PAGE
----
Emrah GülerANKARA - Hürriyet Daily News
A new street art project, Vandalina, is taking to the streets of the capital city with stickers and posters. Team raises awarness to social issues
Vandalina, a fresh street art collective initiated by a small group of friends in Ankara, hopes to raise awareness of social issues through the use of alternative media, stickers and posters being the initial choice.
If you are a subway commuter in Ankara, you might have encountered stickers placed haphazardly in the trains, over the glass doors, and across the stations. They are not bright in color. In fact, most of them are black and white, with occasional red splattered on.
What is striking is the messages screamed through these stickers. Below a giant, red 5 is written, “Five women are killed each day in this country” over one of the stickers. On another one with the same hair-raising statistic, “Your mother, your sister, your daughter, your lover, your friend,” is written in a blurry font.
There are over 10 variations of these stickers with the same message directing the attention of the passer-by to the increasing number of women’s murders. “Research shows that women’s murders have increased 1,400 percent in seven years,” one of the members of Vandalina, the street art collective responsible for this sticky show across the capital city, told the Hürriyet Daily News.
Vandalina, a fresh street art collective initiated by a small group of friends in Ankara, hopes to raise awareness of social issues through the use of alternative media, stickers and posters being the initial choice. The name is a play on the Turkish word for tangerine, mandalina. “We actually wanted to be connected to the idea of vandalism when selecting our name,” said the member, the “Vandalinist.”Women’s murders remembered on streets
What exactly do they do? And how does the process, from deciding on the social issue to adorning the city with stickers, exactly work? Vandalina decides on a social issue to work on each month. They are the “obvious social problems that anyone would list without a breath, from violence against women and women’s murders to inequality in income distribution and job security.”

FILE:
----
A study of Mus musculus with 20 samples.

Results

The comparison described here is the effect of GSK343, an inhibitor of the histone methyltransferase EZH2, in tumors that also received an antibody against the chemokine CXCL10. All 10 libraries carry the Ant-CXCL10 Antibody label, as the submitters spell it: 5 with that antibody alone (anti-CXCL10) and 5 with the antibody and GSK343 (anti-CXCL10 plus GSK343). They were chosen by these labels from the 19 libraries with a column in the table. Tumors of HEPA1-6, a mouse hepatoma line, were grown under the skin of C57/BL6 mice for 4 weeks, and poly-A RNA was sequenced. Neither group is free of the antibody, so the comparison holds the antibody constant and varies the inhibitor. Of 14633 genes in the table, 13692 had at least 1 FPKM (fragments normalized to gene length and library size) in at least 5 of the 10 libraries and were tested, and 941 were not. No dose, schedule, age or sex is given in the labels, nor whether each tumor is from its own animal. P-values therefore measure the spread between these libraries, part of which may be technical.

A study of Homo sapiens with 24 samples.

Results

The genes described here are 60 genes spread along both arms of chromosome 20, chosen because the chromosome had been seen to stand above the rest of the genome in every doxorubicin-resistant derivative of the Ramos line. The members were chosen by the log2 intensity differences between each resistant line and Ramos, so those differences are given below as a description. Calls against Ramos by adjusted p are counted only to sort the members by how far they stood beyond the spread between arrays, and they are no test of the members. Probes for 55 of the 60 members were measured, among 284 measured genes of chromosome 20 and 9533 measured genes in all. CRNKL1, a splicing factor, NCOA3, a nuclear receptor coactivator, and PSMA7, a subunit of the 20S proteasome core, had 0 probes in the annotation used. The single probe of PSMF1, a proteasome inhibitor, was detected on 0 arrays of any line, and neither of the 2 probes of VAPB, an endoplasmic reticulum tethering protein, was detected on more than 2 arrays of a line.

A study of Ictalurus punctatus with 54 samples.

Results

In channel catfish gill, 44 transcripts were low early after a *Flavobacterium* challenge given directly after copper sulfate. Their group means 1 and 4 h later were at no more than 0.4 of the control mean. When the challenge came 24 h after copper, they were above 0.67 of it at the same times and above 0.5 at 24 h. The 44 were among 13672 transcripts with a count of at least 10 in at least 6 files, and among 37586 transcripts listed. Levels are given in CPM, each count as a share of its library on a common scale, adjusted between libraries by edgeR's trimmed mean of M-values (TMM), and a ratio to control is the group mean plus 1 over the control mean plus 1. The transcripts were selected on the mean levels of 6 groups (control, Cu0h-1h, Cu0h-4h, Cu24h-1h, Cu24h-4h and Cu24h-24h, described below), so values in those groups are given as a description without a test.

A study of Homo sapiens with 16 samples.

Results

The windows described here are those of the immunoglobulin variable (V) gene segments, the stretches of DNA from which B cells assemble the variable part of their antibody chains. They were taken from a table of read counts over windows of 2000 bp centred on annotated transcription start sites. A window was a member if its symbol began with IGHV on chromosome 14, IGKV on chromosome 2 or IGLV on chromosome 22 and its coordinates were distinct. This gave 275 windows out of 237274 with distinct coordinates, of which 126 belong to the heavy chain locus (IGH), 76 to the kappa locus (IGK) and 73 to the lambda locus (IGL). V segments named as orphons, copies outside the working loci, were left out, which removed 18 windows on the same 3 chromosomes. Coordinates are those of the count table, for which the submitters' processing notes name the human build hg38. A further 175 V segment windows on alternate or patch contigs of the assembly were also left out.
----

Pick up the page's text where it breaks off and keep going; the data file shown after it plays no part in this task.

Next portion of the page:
The first issue was the women’s murders due to the alarming rate of increase in recent years and the general nonchalant attitude toward it. “Violence against women is still a non-issue as far as many people are concerned,” said the Vandalinist. “Each day we read about violence against women, murders, abuse and rape in the media. It is a dire social problem.”
After the team sets the issue, collaboration begins. “While we start creating our own designs, we ask everyone through social media to contribute with their own ideas and designs as well,” said the Vandalinist. “Those who don’t feel confident in sending designs send us their ideas. We select the ones that give the message clearly and powerfully. We also make sure that the final products are not aggressive or disturbing.”
Then comes the adrenaline-inducing part. The team scatters around subway stations, public places, each carrying around 200 stickers. Since Vandalina shares the stickers for easy download through social media, “everyone is welcome to print their own stickers and stick them across public places of their choice, taking the project outsides the confines of Ankara.”You can be a part of Vandalina
Everyone is welcome to become part of Vandalina. “One of the crucial premises behind Vandalina is that it invites everyone to be part of the collective,” said the Vandalinist. “Because the main idea is to raise awareness of social problems among as many people as possible, the better the more people are involved. Everyone can easily reach our sticker sets through the web and the social media. They can download, cut and later place them wherever they want, and thus become a part of Vandalina.” If messages are the soul of the project, social media is its life. “One of the opportunities, maybe the biggest one, the Internet presents is its power in connecting people from different backgrounds and cultures, and providing a chance for them to share their ideas,” said the Vandalinist. “We are hoping to use these platforms to reach people who care about the same problems and who have the same sensibilities, but who come from different backgrounds.” Send Vandalina your ideas at [email protected]
or follow them on Twitter at @Vandalinatr, and become part of a street art.